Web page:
January 26, 1988|JERRY HICKS | Times Staff Writer

A Superior Court jury Monday returned a life-without-parole verdict against a 26-year-old Los Angeles man convicted of murder in the death of a Westminster motel manager.

The jury's decision to reject the death verdict sought by prosecutors against Kevin Phillips came after less than a day of deliberation.

"It was a conscientious jury; I respect their decision," said Deputy Dist. Atty. Richard F. Toohey.

Phillips was convicted in the Feb. 27, 1985, murder of Robert Thompson, manager of a Motel 6, during a robbery, while his wife, Helen, and two young grandchildren looked on.

Helen Thompson bolted from the courtroom during closing arguments in Phillips' trial Monday, after yelling at defense attorneys: "He killed Bob in cold blood, right in front of my eyes."

While Phillips has a long history of crime, including conviction for a major robbery committed with four other people at a Tarzana restaurant just a month before the Thompson murder, his attorneys emphasized the closeness of his family, and Phillips' relationship with his 3-year-old daughter.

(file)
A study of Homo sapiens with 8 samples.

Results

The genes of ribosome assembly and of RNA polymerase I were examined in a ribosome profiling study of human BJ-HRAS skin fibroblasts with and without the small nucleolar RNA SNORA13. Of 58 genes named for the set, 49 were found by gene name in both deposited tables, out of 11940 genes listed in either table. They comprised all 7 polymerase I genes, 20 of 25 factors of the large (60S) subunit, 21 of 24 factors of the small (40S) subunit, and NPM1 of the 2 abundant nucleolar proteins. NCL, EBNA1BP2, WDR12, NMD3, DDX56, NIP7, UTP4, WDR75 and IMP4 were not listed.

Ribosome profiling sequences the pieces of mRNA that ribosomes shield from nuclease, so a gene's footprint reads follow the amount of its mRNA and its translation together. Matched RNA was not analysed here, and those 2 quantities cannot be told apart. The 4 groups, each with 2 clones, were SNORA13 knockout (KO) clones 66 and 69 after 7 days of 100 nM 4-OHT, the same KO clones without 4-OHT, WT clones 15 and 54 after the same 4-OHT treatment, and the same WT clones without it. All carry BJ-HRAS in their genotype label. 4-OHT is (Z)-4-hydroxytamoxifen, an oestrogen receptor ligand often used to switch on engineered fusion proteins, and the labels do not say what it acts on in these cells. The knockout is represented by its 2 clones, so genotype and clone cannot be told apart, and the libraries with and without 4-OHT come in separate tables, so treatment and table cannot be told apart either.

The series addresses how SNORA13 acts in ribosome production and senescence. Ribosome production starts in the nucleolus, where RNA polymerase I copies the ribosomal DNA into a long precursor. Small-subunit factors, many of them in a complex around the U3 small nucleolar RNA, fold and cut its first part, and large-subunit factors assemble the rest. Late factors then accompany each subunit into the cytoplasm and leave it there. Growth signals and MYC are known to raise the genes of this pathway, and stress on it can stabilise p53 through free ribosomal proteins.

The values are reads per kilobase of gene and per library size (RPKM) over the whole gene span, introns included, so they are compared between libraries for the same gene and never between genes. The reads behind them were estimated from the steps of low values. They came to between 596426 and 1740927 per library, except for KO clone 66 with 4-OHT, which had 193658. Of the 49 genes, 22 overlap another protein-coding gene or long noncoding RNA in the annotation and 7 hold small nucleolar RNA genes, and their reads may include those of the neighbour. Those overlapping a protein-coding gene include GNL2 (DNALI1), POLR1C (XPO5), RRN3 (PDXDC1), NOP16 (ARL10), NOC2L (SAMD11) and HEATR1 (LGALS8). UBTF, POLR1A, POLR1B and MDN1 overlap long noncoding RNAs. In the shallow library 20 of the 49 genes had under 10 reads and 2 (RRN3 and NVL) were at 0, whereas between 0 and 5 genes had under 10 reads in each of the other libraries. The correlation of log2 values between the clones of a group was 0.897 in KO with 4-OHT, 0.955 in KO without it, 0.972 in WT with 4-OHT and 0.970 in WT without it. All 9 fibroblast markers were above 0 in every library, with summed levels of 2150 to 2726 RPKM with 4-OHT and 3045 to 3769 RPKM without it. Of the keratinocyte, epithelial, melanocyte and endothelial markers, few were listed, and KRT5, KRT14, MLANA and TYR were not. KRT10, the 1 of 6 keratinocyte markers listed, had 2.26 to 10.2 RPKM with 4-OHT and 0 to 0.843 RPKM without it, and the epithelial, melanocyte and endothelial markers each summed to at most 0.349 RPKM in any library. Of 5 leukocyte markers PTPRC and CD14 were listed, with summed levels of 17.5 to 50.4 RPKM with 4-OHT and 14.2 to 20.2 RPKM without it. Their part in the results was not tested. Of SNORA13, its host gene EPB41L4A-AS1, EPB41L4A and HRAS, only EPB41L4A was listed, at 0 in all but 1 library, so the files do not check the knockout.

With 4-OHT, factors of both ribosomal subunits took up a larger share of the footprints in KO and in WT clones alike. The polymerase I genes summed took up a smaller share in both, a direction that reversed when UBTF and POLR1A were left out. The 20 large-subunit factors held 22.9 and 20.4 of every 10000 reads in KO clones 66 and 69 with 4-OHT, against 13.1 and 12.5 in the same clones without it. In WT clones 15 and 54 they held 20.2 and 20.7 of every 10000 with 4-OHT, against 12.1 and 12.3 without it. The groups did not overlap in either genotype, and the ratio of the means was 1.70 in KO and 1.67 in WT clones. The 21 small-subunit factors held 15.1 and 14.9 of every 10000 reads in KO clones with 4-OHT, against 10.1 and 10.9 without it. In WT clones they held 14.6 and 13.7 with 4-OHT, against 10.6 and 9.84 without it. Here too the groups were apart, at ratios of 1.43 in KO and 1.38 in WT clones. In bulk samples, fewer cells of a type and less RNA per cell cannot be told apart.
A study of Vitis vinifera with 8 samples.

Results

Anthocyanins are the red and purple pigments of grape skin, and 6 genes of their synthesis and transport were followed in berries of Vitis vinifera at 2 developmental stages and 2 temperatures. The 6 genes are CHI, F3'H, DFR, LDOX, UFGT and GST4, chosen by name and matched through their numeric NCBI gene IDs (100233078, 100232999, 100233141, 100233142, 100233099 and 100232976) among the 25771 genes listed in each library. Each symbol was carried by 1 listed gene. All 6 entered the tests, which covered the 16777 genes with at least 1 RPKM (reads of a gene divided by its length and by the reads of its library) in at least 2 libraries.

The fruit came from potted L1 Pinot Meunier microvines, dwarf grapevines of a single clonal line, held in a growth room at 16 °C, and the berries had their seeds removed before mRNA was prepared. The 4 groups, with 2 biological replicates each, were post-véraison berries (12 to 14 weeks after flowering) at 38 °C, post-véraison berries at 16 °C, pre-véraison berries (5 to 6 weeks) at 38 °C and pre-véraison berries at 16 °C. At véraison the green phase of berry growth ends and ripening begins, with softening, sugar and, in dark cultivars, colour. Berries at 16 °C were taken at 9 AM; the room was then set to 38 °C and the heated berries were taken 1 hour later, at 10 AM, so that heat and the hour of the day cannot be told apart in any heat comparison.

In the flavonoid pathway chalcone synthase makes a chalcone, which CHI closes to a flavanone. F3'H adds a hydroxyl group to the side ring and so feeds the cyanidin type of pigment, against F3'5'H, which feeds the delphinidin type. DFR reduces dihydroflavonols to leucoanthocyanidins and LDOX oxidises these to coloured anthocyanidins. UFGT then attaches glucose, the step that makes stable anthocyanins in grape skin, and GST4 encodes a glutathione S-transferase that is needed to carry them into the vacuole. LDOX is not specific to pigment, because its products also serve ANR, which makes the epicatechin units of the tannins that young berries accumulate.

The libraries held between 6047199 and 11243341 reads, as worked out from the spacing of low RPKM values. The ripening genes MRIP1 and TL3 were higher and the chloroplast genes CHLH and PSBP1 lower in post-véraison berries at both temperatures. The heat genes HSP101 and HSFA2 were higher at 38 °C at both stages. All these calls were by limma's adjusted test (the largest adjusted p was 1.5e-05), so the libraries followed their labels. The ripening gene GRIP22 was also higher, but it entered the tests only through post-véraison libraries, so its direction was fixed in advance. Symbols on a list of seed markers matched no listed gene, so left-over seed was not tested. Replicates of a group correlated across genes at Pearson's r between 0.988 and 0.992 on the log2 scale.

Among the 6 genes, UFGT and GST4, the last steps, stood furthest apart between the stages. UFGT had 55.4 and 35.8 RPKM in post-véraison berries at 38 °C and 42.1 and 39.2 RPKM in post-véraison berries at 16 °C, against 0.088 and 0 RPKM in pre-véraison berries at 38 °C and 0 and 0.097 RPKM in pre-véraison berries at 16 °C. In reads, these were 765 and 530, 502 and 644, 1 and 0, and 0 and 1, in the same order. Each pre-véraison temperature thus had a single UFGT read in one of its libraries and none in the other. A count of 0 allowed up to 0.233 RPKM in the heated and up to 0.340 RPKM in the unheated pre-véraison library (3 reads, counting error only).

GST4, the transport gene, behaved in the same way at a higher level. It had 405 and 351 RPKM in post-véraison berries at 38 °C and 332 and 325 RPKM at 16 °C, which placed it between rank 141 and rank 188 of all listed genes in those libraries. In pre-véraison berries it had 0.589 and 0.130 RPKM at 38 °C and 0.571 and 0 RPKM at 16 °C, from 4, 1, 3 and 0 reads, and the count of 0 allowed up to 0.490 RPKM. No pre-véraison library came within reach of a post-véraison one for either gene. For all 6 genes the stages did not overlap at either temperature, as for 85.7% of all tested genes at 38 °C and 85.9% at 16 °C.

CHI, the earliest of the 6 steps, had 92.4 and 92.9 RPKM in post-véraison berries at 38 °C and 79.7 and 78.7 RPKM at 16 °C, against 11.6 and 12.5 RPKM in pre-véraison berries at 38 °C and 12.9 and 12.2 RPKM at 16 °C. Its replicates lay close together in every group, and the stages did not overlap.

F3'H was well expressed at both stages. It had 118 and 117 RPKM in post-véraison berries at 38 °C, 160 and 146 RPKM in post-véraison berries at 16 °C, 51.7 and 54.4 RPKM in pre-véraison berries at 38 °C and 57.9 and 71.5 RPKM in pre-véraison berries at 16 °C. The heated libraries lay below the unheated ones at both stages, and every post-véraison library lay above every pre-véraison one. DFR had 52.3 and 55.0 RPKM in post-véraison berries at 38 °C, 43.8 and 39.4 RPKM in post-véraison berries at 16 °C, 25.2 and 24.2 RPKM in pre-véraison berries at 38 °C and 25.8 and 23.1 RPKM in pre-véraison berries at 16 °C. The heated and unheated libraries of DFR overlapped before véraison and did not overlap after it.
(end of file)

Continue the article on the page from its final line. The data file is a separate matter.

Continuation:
"His execution would have a devastating effect on that little girl," Deputy Public Defender Tim B. Severin argued to the jury.

Phillips and another man, still unidentified by the police, entered the Motel 6 late at night and shot Thompson after he resisted. Helen Thompson identified Phillips as the actual shooter. Two months later, an Ontario man was shot during another Motel 6 robbery in which one of two assailants shot the man's dog.

Prosecutors put on evidence at Phillips' trial that the same gun was used in the Ontario shooting. Phillips was already convicted in the robbery of Jo Jo's restaurant in Tarzana. He was identified by several of the robbed patrons as one of three of the bandits who were armed.

Phillips' attorneys emphasized at his penalty phase his difficult family life. He was raised in extreme poverty in Los Angeles. He was sent to the California Youth Authority when he was 17 for robbing a convenience store.

Prosecutor Toohey argued that "no matter how the defense tries to sugarcoat it, this defendant has lived a life of violent conduct."

But defense attorney Severin argued that the death penalty should be reserved for "the Hillside Stranglers and the Night Stalkers." He also argued that Charles Manson and Sirhan Sirhan both have life sentences which permit eventual parole.

"Can anyone say that life without parole is not a severe punishment for Kevin Phillips," Severin told jurors.

While several people in court were critical of Helen Thompson for her outburst, prosecutor Toohey was sympathetic.

"She has really been very timid about this whole thing, and it must have just built up inside her," Toohey said. "The woman has been through an awful lot."